States see potential in intelligent automation, blockchain
- By Sara Friedman
- Dec 01, 2017
Amid shrinking budgets and rising demands, state health and human services agencies are looking to new technologies that can help them enhance services, improve data quality and boost efficiency.
HHS officials in Georgia, Ohio and Tennessee discussed their first steps in incorporating intelligent automation and blockchain into their operations in a Nov. 29 webinar sponsored by the American Public Health Services Association and KPMG.
Both the Georgia Department of Human Services and Tennessee Division of Health Care Finance & Administration are running pilots to see how intelligent automation can help their IT staff with password-reset requests.
“There was a time when 24 percent of our call center calls were for password reset so it was an easy use case for intelligent automation,” Georgia DHS CIO Venkat Krishnan said. “We are starting to talk with vendors about ways to implement chatbots" since they are one of the easier intelligent automation applications to deploy.
Krishnan was also involved in the Digital Services Georgia recent effort to create an Alexa skill for finding government information. Chatbots could incorporate the Alexa skill the state is already using to provide storm updates during the hurricane season, he suggested.
Tennessee HCFA CIO Hugh Hale formed an innovation committee consisting of 15 leaders from the state’s Medicaid program and managed care organizations to investigate emerging technologies.
“On the intelligent automation side, we are now going through a large implementation of a new eligibility system, and we are looking at ways that intelligent automation can supplement and support its implementation,” Hale said.
“We are looking into potential supplemental training tools for new call center agents and looking into voice analytics capabilities,” Hale said. “We have a small fee-for-service area for crossover claims, and we are looking at a fraud and abuse application that has intelligent automation as well.”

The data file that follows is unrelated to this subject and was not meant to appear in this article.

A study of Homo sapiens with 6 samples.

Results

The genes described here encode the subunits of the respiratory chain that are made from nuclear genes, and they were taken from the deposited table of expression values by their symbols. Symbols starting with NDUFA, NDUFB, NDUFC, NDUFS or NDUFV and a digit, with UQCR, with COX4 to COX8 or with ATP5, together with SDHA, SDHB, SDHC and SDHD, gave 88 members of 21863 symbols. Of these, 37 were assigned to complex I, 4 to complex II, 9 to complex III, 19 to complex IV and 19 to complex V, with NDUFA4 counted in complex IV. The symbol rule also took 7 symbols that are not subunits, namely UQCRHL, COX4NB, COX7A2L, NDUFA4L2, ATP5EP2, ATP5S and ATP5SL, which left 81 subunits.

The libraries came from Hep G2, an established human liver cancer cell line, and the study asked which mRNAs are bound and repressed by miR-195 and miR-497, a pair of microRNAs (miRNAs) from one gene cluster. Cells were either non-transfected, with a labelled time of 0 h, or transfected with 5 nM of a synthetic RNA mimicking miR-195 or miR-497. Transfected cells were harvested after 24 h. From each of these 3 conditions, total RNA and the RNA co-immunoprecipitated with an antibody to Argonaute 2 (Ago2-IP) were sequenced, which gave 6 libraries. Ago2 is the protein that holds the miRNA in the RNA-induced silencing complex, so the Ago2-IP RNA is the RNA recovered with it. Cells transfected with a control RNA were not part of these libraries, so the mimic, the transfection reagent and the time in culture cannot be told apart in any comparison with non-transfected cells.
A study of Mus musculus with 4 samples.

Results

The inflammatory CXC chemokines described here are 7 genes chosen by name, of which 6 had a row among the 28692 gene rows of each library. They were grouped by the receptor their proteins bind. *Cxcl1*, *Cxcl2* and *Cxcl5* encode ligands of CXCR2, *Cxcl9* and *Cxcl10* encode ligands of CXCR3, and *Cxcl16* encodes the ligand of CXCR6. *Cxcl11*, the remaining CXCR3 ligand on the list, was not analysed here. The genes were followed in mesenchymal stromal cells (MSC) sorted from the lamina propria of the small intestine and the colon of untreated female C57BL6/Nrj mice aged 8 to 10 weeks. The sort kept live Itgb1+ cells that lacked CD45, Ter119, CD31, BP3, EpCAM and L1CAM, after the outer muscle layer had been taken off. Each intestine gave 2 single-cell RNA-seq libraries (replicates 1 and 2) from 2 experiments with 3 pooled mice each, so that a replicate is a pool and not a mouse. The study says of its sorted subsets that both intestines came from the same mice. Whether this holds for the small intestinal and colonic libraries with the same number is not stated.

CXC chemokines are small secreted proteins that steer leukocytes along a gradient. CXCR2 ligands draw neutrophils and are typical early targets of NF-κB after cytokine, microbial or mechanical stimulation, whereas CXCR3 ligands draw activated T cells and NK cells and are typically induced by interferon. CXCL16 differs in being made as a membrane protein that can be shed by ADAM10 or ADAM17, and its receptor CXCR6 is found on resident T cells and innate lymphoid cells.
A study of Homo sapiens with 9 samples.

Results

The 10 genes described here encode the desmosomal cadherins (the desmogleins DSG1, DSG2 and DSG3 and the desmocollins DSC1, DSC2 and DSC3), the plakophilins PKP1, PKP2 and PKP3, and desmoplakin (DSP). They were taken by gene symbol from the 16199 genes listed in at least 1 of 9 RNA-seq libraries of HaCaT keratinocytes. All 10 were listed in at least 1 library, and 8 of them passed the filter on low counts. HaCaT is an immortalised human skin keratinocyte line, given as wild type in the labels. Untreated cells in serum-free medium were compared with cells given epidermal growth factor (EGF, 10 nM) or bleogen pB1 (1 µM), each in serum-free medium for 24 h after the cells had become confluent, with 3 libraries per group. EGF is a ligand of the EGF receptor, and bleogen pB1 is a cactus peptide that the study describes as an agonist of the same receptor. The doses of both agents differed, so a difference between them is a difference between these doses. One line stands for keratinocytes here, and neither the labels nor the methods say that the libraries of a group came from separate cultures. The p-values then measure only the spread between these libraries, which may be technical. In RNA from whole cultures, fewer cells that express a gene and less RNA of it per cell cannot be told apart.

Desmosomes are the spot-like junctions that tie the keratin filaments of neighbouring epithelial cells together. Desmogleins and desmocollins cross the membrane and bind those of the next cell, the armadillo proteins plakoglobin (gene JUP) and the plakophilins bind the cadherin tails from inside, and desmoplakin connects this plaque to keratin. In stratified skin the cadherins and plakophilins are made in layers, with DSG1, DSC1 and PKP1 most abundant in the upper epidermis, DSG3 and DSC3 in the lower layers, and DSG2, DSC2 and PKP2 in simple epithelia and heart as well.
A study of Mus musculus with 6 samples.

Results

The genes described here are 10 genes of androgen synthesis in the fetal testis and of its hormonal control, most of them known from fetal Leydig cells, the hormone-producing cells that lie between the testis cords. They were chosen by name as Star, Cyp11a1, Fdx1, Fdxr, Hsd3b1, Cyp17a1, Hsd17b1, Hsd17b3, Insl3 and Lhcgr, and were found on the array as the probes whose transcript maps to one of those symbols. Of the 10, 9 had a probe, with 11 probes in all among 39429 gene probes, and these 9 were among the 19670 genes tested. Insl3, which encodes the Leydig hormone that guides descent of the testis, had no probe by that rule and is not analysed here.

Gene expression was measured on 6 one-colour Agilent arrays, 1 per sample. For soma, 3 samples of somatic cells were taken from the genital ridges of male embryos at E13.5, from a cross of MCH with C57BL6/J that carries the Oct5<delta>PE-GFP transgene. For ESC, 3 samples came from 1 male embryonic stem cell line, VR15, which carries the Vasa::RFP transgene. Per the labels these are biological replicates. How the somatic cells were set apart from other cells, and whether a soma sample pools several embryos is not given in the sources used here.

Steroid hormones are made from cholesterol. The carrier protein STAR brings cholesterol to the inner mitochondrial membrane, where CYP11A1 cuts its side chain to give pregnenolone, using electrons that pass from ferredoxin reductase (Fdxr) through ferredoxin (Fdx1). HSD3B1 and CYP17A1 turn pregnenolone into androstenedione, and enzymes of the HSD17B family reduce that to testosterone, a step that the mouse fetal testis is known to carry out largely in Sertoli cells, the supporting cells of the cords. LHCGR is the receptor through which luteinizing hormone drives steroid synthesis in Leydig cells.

“We are further along with the intelligent automation because of the low number of real-world applications that exist in blockchain today,” he added.
Hale said he sees possibilities in using blockchain for Tennessee’s health information exchange program, but he noted that the infrastructure “isn’t there yet,” so he is monitoring companies in the early stages of development. He also sees opportunities for intelligent automation help with HCFA’s back-office functions and training.
Gregory Jackson, CIO of the Ohio Department of Job and Family Services, said he sees the potential for blockchain to be used for the Supplemental Nutritional Assistance Program’s electronic benefit transfer system.
“We are looking into a private blockchain that will help us to detect fraud in the system and control access,” Jackson said.
A recent KPMG/Governing Institute study on intelligent automation and blockchain in health and human services agencies suggested the technologies can be used augment call center capacity to reduce wait times, speed eligibility validation and automate time-consuming manual processes.
Blockchain could be used to improve identity management and transparency and uncover fraud.
In the KPMG study, Jackson said he was interested in whether blockchain could be used to authorize SNAP transactions, which would root out fraud and help demonstrate the program's integrity to regulators.
Krishnan said he wanted to know if blockchain could provide a master identity that verifies individuals across HHS departments and programs. With a single, verified identity, the state could better coordinate services and analyze costs. Such an identity could also allow the state to develop a holistic record of benefits-fraud suspects that could be securely shared across the agencies.
Blockchain could also enforce privacy and security requirements associated with shared health care data because it would provide an audit trail for data as it is shared among practitioners, insurance companies, government agencies and individuals.
Sara Friedman is a reporter/producer for GCN, covering cloud, cybersecurity and a wide range of other public-sector IT topics.
Before joining GCN, Friedman was a reporter for Gambling Compliance, where she covered state issues related to casinos, lotteries and fantasy sports. She has also written for Communications Daily and Washington Internet Daily on state telecom and cloud computing. Friedman is a graduate of Ithaca College, where she studied journalism, politics and international communications.
Friedman can be contacted at firstname.lastname@example.org or follow her on Twitter @SaraEFriedman.